The Planar Tracker can be used to stabilize the Viewer for rotoscoping which can be a real productivity tool when trying to roto a moving target, which is frankly most roto targets. I'm using the Dolly movie clip here from the Lesson_04_Media > Camera Moves folder. As usual, we're going to study our clip, scrubbing through it, and note the camera moves. Here, we have a very strong push-in from a Dolly shot. So this shot is going to have a lot of parallax and perspective change.
The strategy is to track the boy and use that tracking data to stabilize the Viewer around the boy. Then we'll roto on the stabilized picture, doing a faster and better job because the picture is stabilized. Since our target is scaling quite a bit, we learned before the starting on the largest version and then tracking down to smaller is the best way to go. So let's zoom in a bit here and we'll draw our tracking shape. I'll use an x spline and just draw a crude outline. Okay.
I'll adjust the tension of the handles a bit, make a few small changes, and there, that will be our tracking spline. I'm going to turn Shear off and then track backwards. Even though the boy is not a planar surface, the Planar Tracker still gets a very good grip and locks on very nicely. Now, to see the stabilizing effect in action, I'm going to zoom way out.
Now, as I play the clip, you can see that the size of the frame is constant. So I am going to stop that, turn on the Stabilize feature, and it'll stabilize around whichever shape is selected. I'll turn off the zoom windows. Now let's play it. You can see that the image is being scaled up and down in order to hold the boy a constant size. That's going to make our roto work much easier. We'll stop that. I'll rename my shape, Boy Tracker, turn off the Cog and turn off the Visibility.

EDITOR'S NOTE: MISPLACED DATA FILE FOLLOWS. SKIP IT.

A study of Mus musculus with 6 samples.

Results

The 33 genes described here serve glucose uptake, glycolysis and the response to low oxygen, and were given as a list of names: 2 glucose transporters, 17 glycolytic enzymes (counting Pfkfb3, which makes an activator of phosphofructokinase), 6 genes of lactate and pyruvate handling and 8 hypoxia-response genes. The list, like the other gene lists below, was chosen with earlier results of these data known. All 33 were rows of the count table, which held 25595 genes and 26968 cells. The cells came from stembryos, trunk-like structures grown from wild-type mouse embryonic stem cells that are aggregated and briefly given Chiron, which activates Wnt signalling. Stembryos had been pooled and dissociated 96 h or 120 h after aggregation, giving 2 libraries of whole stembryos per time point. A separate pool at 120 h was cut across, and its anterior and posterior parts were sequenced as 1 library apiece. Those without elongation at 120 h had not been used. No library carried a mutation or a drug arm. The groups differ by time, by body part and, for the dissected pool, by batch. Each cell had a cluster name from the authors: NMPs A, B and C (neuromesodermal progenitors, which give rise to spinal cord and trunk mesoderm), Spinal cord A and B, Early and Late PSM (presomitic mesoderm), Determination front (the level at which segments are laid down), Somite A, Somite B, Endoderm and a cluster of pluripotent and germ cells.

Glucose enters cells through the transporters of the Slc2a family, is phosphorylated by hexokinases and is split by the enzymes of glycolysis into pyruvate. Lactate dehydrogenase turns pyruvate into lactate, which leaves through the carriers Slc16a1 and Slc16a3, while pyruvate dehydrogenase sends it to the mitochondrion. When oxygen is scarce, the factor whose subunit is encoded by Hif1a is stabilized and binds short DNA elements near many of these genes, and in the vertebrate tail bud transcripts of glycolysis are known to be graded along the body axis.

I'm now ready to draw my roto shape. So I'm going to home the Viewer and then we'd be working on the largest version possible, I'll go to the last frame where it's pushed in, turn off Stabilize, push-in, send in my picture, and draw my roto shape. So I'm going to use the x spline, and I'll very quickly tighten up my spline. Okay, let's say that's good enough.
Now, if I play the clip right now, my Roto Shape is obviously not locked to the target. We'll stop that. I'll go back to the last frame, and rename my spline, boy roto. The reason it's not locked to the stabilized is because it's not linked to the tracking data. In order for the boy roto to stabilize the picture, I'm going to have to link it to the tracking data first. So boy roto is going to be linked to boy tracker.
Now, watch what happens if I turn on Stabilize and I play the clip. The Stabilize feature is using the tracking data that's linked to boy roto in order to stabilize the Viewer. This is going to make my rotoscoping much easier obviously. So I'm going to go to frame 1 and tighten up my roto. I'll quickly refine my roto.
I'll turn on the Mattes Overlay and see how we're doing. We're on the first frame, I'll jump to the last frame. Okay, looking good. back to the first frame. With the Splines turned off, that can make it easier to see any mismatch between the shape and the target. So I'm going to scrub to a middle frame, looking for another keyframe to put down. Oh! Yeah, I've got some digression here. So I'll turn my Splines back on, my Mattes off and refine this frame a little bit.
Okay, let's say we like that. Another helpful tip is if you turn your Mattes on, then over here with the Show spline tangents, if you'll pop that up, and turn off the Splines, you can now see your Overlay Mask much better. It becomes much easier to see your edges. You can even turn off the tangents themselves. So this can be a very helpful way to refine the edges without having the spline define the edge for you.
Also, if you hold down the Alt key, you can pull out feathered edges on any point you want. So the Alt key is a very nice keyboard shortcut. Okay. Let's say we like this. We'll turn our Splines back on. We'll hide our Splines, rehome the Viewer, turn off Stabilize, and play the clip. There you have it! As you can see you can save yourself a great deal of work by using the Planar Tracker to stabilize the Viewer while you adjust the keyframes of your roto.